Excerpts from Jim Conrad's
Naturalist Newsletter

from the October 1, 2017 Newsletter issued from Rancho Regensis north of Valladolid, Yucatán, MÉXICO

A while back, at http://www.backyardnature.net/mexnat/basella.htm I described how I'd caused cut-off sections of Climbing Spinach stems to produce roots for transplanting, and I mentioned that it might be easier if we had root-grow powder. Newsletter reader Elvira here in the Yucatan wrote to ask if she could have some Climbing Spinach starters, she visited, and generously provided me with the container of rooting hormone, shown below:

container of rooting hormone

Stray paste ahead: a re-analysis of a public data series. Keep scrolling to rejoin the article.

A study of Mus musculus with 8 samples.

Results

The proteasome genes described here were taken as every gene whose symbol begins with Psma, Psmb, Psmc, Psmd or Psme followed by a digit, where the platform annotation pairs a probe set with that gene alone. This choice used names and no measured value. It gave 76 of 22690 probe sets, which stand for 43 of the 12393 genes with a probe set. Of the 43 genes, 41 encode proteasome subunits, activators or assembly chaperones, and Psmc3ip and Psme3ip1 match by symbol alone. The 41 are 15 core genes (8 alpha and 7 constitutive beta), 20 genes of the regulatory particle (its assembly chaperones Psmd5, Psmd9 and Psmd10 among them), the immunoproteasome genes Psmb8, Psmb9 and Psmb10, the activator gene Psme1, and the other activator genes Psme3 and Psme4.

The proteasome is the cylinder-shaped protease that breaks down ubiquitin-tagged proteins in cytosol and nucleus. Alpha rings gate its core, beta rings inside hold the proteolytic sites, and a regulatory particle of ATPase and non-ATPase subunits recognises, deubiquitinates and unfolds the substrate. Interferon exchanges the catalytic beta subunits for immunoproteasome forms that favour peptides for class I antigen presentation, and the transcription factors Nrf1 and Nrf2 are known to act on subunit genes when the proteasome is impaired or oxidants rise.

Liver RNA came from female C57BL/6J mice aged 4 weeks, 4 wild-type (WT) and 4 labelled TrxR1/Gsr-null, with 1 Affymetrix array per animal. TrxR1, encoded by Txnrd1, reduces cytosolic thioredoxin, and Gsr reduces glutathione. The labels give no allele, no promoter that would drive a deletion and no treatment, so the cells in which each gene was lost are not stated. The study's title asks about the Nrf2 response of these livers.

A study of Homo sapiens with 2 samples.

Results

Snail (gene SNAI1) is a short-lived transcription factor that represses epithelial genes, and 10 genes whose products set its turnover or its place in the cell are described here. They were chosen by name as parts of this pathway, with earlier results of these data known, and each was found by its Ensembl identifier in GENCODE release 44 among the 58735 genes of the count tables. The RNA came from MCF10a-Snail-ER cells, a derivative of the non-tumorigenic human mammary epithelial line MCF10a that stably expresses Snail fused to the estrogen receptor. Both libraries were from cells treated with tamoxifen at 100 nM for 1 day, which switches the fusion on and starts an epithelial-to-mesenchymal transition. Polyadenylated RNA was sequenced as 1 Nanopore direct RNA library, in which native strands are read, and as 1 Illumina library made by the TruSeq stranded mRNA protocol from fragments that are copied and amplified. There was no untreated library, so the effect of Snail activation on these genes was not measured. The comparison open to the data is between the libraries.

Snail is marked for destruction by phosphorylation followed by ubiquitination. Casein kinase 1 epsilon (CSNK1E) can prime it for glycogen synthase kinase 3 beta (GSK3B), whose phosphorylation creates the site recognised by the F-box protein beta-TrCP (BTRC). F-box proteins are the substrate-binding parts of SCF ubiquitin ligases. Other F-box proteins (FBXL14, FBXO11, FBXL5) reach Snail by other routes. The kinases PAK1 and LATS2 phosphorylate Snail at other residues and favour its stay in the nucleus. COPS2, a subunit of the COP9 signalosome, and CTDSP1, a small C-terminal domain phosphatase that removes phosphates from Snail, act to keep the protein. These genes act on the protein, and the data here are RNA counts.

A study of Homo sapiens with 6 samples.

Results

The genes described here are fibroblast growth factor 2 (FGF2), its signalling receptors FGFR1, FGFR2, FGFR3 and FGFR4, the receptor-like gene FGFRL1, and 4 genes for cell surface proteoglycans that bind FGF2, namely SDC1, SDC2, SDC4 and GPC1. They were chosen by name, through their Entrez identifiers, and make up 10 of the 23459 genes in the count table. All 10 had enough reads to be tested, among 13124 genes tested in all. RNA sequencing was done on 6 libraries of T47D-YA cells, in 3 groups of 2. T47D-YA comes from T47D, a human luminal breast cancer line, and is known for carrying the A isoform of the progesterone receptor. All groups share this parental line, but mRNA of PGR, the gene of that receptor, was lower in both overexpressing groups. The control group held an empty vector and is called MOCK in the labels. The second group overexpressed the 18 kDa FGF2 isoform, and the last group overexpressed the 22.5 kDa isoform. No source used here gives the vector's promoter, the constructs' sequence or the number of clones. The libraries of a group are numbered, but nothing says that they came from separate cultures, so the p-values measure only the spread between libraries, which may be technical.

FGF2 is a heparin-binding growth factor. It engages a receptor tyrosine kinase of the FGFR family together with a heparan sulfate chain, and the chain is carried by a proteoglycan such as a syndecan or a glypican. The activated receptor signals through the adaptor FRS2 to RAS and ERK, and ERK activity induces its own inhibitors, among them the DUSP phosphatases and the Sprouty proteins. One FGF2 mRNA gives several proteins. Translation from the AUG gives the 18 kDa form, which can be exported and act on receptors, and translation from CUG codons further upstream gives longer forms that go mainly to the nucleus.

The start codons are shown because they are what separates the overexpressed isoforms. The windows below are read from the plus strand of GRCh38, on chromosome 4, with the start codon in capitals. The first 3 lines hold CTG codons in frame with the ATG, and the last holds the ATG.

To use it, you just daub a freshly cut stem into the powder, shake off the excess, and plant the stem. To cut down on stress by having water transpire from the planted stem's large leaves, I break them off before planting the stem. In doing so, I make sure that the buds from which new leaves and branches will arise are not damaged. Below, you can see what my ready-to-plant stem with white root-grow powder on its bottom looks like:

cut stem with rooting hormone applied

This and several stems like it were planted in loose, moist soil, taking care to not knock off the powder. The soil was kept moist, and now a week later new leaves and stems are arising from what look like fine future Climbing Spinach plants.

The compound causing rooting to take place is indole-3-butyric acid, a synthetic crystalline solid with the molecular formula of C12H13NO2. It's not well understood why the compound causes roots to form. Wikipedia's page describing what's known about it is at https://en.wikipedia.org/wiki/Indole-3-butyric_acid.